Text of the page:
Henry Wadsworth Longfellow, ed. Poems of Places: An Anthology in 31 Volumes.
Italy: Vols. XI–XIII. 1876–79.



By John Edmund Reade (1800–1870)

(From Italy)

ITALIAN paradise, Sorrento! thou

Hast spells enchaining; lo, yon bosomed bay

Where the lone crag upheaves its cloven brow,

Round which the blue waves chafe in idle play;

Know’st thou whose mighty spirit casts a ray

O’er its dim cavern? know’st thou who stood there

Embodying in his world-inspiring lay

Its tale? whose genius fills, informs the air,

Whose phantoms round that spot forever shall repair?

Even now, reclining on this mossy stone,

I see the sail spread from Lachæa’s isle:

They scale the Cyclop’s cave, a shout, a groan,

In his red eye is plunged the fiery pile!

Lo, with the morning’s light the goats defile

Slowly beneath the blinded monster’s hand:

Free stands at length the hero of the wile;

And now the giant’s clamors fill the strand,

As shouting bound from shore the Ulysséan band!

Thou everlasting Homer! every nook

Of this all wild yet lovely coast is thine;

The Sirens yon gray islets have forsook,

Yet is each vestige of their haunt divine:

Doth not thy awful genius o’er them shine,

Bright as yon setting sun that steeps them o’er

With hues of life? so thy embodying line

From phantasy dost hero life restore,

Until we hear their tongues and see the forms they wore.

For by thy hand truth, sceptre-like, was wielded;

Lo, yon blue promontory, Circe’s spell

There changed to brutes the slaves to vice who yielded;

Speaks not thy moral eloquently well?

What herb save reason could her power compel,

And bid her kneel to virtue? o’er the foam

Why sighed the chief in Ithaca to dwell,

Her charms unfelt and loathed her starry dome?

Grave duty showed afar his wife, his son, his home.

There was a dwelling on the sea-cliff’s side,

No ruined vestige doth its site attest;

A secret nook where love would choose to hide

Its loved one from the world, a haven nest

Of shelter, when of all it asks possessed,

The heart would find or make its earthly heaven

Where only found, in woman’s answering breast;

All other ties save that sole life-tie riven:

The world’s neglect forgot, its injuries forgiven.

A sacred spot! create it on thine eye;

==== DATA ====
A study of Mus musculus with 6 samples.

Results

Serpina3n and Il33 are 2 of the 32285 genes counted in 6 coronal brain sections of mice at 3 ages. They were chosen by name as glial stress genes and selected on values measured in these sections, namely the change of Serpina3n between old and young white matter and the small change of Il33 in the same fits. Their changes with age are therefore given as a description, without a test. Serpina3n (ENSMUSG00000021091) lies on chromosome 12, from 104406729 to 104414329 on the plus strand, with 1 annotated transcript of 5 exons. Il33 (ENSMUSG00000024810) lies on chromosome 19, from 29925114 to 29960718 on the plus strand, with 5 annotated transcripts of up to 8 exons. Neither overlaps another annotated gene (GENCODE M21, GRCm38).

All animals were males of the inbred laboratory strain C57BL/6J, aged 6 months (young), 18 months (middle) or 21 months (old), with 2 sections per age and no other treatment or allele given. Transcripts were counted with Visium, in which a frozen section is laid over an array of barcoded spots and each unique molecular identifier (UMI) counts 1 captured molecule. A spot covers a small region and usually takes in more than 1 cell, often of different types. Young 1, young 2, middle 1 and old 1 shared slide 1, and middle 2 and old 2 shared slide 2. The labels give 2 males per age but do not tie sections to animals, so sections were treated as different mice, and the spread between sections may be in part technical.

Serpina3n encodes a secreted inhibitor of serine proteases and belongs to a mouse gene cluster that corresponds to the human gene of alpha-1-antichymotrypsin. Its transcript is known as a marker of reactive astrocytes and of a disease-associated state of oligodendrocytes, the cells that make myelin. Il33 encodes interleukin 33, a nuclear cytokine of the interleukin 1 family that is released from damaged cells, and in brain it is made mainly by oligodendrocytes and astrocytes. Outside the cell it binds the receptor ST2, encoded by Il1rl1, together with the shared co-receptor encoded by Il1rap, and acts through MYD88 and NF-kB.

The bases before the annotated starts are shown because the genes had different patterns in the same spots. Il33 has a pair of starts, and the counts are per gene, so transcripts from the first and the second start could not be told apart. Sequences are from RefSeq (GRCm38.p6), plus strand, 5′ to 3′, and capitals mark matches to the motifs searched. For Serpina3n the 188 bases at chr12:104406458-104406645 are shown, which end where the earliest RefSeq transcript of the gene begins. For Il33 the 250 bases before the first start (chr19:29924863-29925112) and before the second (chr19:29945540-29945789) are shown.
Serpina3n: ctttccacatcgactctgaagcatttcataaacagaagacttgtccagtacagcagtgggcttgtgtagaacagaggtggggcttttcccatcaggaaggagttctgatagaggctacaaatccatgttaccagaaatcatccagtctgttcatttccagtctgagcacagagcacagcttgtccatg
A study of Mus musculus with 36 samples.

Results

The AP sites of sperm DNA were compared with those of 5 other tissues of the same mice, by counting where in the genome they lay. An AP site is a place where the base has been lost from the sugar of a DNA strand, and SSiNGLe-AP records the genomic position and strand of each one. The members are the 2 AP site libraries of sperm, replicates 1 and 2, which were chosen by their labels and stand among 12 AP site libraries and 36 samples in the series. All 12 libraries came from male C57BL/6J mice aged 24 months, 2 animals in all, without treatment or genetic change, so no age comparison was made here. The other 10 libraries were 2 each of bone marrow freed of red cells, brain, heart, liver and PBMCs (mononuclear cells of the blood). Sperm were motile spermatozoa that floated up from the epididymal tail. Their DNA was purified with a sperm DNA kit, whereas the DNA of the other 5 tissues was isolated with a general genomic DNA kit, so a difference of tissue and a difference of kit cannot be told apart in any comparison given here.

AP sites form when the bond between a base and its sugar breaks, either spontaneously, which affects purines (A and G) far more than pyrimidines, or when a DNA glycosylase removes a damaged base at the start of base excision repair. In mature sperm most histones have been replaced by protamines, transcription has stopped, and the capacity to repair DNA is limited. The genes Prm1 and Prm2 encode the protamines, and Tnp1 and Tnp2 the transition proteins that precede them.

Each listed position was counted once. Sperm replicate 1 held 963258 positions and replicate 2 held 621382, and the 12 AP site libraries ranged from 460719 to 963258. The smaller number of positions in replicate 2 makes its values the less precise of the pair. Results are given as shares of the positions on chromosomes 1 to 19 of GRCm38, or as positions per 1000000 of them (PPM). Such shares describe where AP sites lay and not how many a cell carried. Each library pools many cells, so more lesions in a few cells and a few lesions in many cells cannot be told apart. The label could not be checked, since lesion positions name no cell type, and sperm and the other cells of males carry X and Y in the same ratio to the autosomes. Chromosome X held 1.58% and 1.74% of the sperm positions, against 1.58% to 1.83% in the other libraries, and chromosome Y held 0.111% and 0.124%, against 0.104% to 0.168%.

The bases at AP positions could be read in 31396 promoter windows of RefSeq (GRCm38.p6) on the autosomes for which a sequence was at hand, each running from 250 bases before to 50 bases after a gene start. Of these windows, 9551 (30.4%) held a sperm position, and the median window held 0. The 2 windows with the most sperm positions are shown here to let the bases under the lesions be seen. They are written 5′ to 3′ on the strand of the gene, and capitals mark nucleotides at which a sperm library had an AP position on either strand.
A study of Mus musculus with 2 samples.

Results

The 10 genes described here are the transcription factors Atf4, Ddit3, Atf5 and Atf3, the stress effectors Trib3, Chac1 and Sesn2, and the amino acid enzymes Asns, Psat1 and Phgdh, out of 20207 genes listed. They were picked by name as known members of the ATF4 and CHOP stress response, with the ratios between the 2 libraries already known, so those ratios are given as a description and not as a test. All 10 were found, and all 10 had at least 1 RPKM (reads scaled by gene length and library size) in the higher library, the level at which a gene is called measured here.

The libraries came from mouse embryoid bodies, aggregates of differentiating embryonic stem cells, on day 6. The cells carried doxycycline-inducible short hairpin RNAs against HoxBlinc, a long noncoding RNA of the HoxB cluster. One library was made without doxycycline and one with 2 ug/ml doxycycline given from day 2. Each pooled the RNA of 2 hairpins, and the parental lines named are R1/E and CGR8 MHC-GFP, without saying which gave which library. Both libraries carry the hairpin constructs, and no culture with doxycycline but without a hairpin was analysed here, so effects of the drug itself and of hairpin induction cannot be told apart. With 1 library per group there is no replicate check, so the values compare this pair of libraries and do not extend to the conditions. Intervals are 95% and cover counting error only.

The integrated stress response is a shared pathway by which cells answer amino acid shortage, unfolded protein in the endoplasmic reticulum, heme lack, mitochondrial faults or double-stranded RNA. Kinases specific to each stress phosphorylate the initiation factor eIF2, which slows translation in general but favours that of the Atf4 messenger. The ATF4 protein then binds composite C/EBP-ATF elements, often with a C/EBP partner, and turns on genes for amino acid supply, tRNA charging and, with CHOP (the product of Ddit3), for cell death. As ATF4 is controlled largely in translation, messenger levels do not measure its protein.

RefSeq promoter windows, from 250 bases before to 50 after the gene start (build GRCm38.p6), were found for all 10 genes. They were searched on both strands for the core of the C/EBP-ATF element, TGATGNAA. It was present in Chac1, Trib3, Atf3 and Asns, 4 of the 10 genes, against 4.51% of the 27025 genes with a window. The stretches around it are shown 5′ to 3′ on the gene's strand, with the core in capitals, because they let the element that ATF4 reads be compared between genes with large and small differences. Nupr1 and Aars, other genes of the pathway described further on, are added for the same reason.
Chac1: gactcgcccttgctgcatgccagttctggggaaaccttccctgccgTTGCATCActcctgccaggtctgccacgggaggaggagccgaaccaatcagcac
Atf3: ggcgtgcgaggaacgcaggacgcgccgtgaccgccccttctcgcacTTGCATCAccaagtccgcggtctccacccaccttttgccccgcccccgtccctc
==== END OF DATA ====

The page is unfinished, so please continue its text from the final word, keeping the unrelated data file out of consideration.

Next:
Hallowed by suffering and by virtue’s tear,

And this is sanctified by memory

Of venerating bosoms that revere

The martyrs of the past who suffered here;

O’er whom are offered human sympathies,

Heart-flowers, whose dews spiritualize the bier:

A woman by that shore with heedful eyes

Watches a nearing sail whose white whig homeward flies.

The sister’s love, the vestal, and the pure,

Recalls again affection’s wasted force

In exiled Tasso: other loves endure

To perish, lighted at an earthlier source,

Satiate with passion, buried in remorse;

If the heart own one pure receptacle,

One feeling flowing holier in its course,

Love that a spirit might not blush to tell,

’T is when a sister’s heart to thine doth fondly swell.

The wanderer came for quiet: to forget

The blighted hope, the inexpiable wrong,

To soften here in solitude regret

Of a love stamped immortal in his song,

That but for him had lain the dead among;

Vain essay! if thou wouldst the thought conceal,

Or forms that ghost-like to the past belong,

If the heart’s wounds corroding thou wouldst heal,

That solitude thou seek’st to thee shall all reveal:

Making the past one present; odors bear

Vibrations thrilling along memory’s chain,

Felt in the chords of being till they wear

Its pulse away: so did he feel how vain

To realize his boyhood’s hope again;

Till his last refuge from self-tyranny,

He flew from nature’s ever-populous reign

Back to the desert of humanity,

To bear hate, scorn, repulse, to madden, and to die.